Pavlodar (Kazakhstan), 30 January 2023 – “My name is Nurlan. I would like to tell you my story.”
Five years ago, Nurlan was sent to a prison in northern Kazakhstan. “I asked myself, how am I going to get through my sentence? What am I going to do?”
Rehabilitation is a key function of prisons. It is vital that time spent in prison is used productively so that on release, ex-prisoners can re-join their communities and safely participate in society. Yet many factors weaken the ability of prisons to effectively provide rehabilitation. These include overcrowding, poor prison conditions, understaffing, lack of financial resources, and little support for prisoners to maintain social ties outside.
Kuanysh Koichubaev is a governor in the prison where Nurlan served his sentence. “We work extensively with prisoners to support their successful re-socialization,” he says, describing three key strands of support: disengagement from violence; educational and vocational programmes; and active support for maintaining social connections outside the walls. “Evidence shows that those who have someone waiting for them outside are less likely to violate prison rules and will try hard to return home as soon as possible,” Koichubaev adds.
Nurlan decided to make use of the prison’s vocational programme, setting up a furniture manufacturing workshop with three other inmates.
“At first, we took small orders. We made furniture as best we could without any modern equipment. But in 2019, United Nations (UN) representatives visited the workshop. I showed them my orders, my products, my problems, and what we lacked for large-scale work. They understood our needs and helped us procure the necessary equipment.”
Since 2018, Kazakhstan has been one of three beneficiary countries of a global European Union and UN joint initiative to support member states to manage violent extremist prisoners and prevent radicalization to violence in prisons.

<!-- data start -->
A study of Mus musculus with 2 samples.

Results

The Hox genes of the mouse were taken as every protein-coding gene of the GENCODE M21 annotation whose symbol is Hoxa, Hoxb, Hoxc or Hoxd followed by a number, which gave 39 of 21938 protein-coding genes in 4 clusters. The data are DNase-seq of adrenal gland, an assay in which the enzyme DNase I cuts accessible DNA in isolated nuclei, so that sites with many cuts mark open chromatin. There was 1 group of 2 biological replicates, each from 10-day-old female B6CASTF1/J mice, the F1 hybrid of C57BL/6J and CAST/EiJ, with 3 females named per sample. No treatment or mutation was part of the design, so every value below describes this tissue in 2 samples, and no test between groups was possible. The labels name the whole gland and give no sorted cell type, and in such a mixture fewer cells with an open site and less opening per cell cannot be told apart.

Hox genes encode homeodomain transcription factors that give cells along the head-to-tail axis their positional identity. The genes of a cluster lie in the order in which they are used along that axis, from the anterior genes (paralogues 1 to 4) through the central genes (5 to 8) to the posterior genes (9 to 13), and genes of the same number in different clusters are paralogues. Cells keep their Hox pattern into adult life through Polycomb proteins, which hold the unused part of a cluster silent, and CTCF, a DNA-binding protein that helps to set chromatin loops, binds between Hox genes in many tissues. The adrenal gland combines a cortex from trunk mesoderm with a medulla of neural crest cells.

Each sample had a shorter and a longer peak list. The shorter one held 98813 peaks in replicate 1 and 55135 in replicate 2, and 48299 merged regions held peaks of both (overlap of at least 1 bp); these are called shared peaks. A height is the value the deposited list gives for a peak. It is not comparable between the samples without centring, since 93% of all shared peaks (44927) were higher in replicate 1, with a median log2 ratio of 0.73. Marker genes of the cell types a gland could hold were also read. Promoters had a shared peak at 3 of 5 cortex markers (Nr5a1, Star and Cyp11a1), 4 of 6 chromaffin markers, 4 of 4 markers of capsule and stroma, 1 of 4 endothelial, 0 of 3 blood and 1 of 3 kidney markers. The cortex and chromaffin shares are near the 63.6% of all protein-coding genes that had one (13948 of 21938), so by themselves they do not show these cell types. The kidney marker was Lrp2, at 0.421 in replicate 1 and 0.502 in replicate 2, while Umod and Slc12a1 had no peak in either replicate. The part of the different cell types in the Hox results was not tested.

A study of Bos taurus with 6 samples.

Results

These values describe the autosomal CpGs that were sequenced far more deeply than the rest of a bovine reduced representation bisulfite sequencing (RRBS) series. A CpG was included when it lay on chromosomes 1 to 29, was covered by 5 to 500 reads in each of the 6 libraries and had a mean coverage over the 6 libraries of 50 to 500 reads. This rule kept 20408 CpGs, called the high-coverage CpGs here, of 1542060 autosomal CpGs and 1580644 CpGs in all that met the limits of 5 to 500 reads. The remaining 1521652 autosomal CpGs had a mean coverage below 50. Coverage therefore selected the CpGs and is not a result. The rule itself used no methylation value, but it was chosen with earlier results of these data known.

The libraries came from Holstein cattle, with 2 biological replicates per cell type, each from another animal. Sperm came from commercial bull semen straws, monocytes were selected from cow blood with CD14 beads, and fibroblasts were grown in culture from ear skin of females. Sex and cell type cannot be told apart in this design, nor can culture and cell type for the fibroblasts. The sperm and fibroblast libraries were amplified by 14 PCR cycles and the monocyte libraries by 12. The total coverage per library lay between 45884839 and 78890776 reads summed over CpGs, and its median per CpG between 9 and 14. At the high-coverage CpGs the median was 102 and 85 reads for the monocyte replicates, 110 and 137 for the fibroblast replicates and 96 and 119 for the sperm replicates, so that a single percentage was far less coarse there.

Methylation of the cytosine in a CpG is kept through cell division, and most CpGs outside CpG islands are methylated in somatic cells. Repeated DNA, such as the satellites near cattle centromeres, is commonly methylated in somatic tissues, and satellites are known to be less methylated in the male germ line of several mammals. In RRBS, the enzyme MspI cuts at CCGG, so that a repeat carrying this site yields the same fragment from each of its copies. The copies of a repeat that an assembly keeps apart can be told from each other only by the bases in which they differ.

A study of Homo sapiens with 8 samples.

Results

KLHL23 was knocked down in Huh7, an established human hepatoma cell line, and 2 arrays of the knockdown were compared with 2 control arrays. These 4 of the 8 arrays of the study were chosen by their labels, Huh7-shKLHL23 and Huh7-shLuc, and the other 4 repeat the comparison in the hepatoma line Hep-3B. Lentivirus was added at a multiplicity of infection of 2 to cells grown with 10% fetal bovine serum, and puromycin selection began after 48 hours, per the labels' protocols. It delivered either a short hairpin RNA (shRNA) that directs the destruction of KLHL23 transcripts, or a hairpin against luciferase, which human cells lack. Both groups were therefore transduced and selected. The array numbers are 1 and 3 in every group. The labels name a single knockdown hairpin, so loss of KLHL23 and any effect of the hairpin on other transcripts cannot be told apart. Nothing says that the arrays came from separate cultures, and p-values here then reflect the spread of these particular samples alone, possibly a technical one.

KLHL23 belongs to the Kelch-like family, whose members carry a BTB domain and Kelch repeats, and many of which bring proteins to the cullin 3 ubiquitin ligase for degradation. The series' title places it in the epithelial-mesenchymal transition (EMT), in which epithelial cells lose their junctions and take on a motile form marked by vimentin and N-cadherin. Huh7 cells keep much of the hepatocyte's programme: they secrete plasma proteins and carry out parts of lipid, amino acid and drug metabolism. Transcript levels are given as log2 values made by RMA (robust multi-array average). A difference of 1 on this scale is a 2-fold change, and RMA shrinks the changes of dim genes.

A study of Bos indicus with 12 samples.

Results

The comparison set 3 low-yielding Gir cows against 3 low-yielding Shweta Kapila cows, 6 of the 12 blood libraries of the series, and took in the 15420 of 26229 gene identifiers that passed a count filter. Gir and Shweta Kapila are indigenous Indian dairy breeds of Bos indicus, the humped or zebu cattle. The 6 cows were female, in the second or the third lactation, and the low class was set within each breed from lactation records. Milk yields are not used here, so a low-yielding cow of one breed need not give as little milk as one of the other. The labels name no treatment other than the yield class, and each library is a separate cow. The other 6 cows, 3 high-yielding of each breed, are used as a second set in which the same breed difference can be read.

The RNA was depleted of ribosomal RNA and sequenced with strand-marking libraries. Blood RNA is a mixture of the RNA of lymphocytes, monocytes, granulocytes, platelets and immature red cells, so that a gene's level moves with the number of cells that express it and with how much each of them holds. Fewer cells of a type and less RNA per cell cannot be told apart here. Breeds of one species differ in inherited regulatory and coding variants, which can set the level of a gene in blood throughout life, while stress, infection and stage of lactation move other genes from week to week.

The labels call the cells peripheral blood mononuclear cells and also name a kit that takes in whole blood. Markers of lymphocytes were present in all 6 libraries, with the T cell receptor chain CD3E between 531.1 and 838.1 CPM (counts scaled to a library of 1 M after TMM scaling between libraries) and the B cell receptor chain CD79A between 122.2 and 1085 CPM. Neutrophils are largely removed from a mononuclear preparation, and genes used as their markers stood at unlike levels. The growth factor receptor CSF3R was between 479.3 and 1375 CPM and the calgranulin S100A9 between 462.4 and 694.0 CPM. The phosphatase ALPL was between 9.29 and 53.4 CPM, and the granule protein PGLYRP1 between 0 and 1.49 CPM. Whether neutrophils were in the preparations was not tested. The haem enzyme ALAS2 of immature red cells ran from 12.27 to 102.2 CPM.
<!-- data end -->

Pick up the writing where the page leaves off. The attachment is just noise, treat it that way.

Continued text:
The implementing partners have been the UN Office on Drugs and Crime, the UN Counter-Terrorism Centre and the UN Security Council Counter-Terrorism Committee Executive Directorate.
All have worked closely with the national authorities of Kazakhstan, Tunisia and Uganda in four key impact areas: safety and security; risk and needs assessment; disengagement interventions; and social reintegration.
While the initiative has targeted the issue of violent extremism, interventions have also aimed at broader prison reform in order to promote good prison management. This is the foundation for all other targeted interventions, including those for violent extremist prisoners.
The initiative’s impact can be seen across pilot prisons in all three countries – and was felt deeply by Nurlan, who “started taking more prisoners to work.” His number of employees increased from three to 35, including 17 violent extremist prisoners. They were offered meaningful work and income, as well as training that gave them ways to become productive members of society when they leave prison.
Koichubaev states the importance of the prison’s vocational programme: “It's difficult for prisoners to integrate into society after years of isolation. That's why family support, professional skills and work opportunities can give prisoners a powerful platform to not only become full members of society, but also prevent repeat offending and make communities safer. We are positively influencing a prisoner’s fate and showing them we care about their life.”
The joint initiative is coming to an end, but great attention is being paid to ensuring its significant achievements are sustained and replicated.
This includes facilitating local ownership of, and continued political commitment to, achieved results; investing in capacity building; developing strategic partnerships with civil society organizations; and shifting policy perspectives towards preventing violent extremism, rather than simply punishing it.
The knowledge gained from the initiative in Kazakhstan, Tunisia and Uganda has enhanced the international evidence base on the management of violent extremist prisoners and the prevention of radicalization to violence in prisons.
Yet there is more to do. In all three countries, continued political commitment will help to embed and extend the changes seen over the course of the programme, leading to well-managed prisons and safer communities.
As for Nurlan, he is hopeful for the future. “I've got big plans ahead of me. I've got a family and a son waiting for me at home, and I think it's only a matter of time before I get home and meet them.”
The initiative to manage violent extremist prisoners and prevent radicalization to violence in prisons was made possible thanks to the generous support of donors the European Union, the Netherlands and the UN Office of Counter-Terrorism.
Here is a video of Nurlan telling his story.
Find out more here about UNODC’s wider work on prison and penal reform.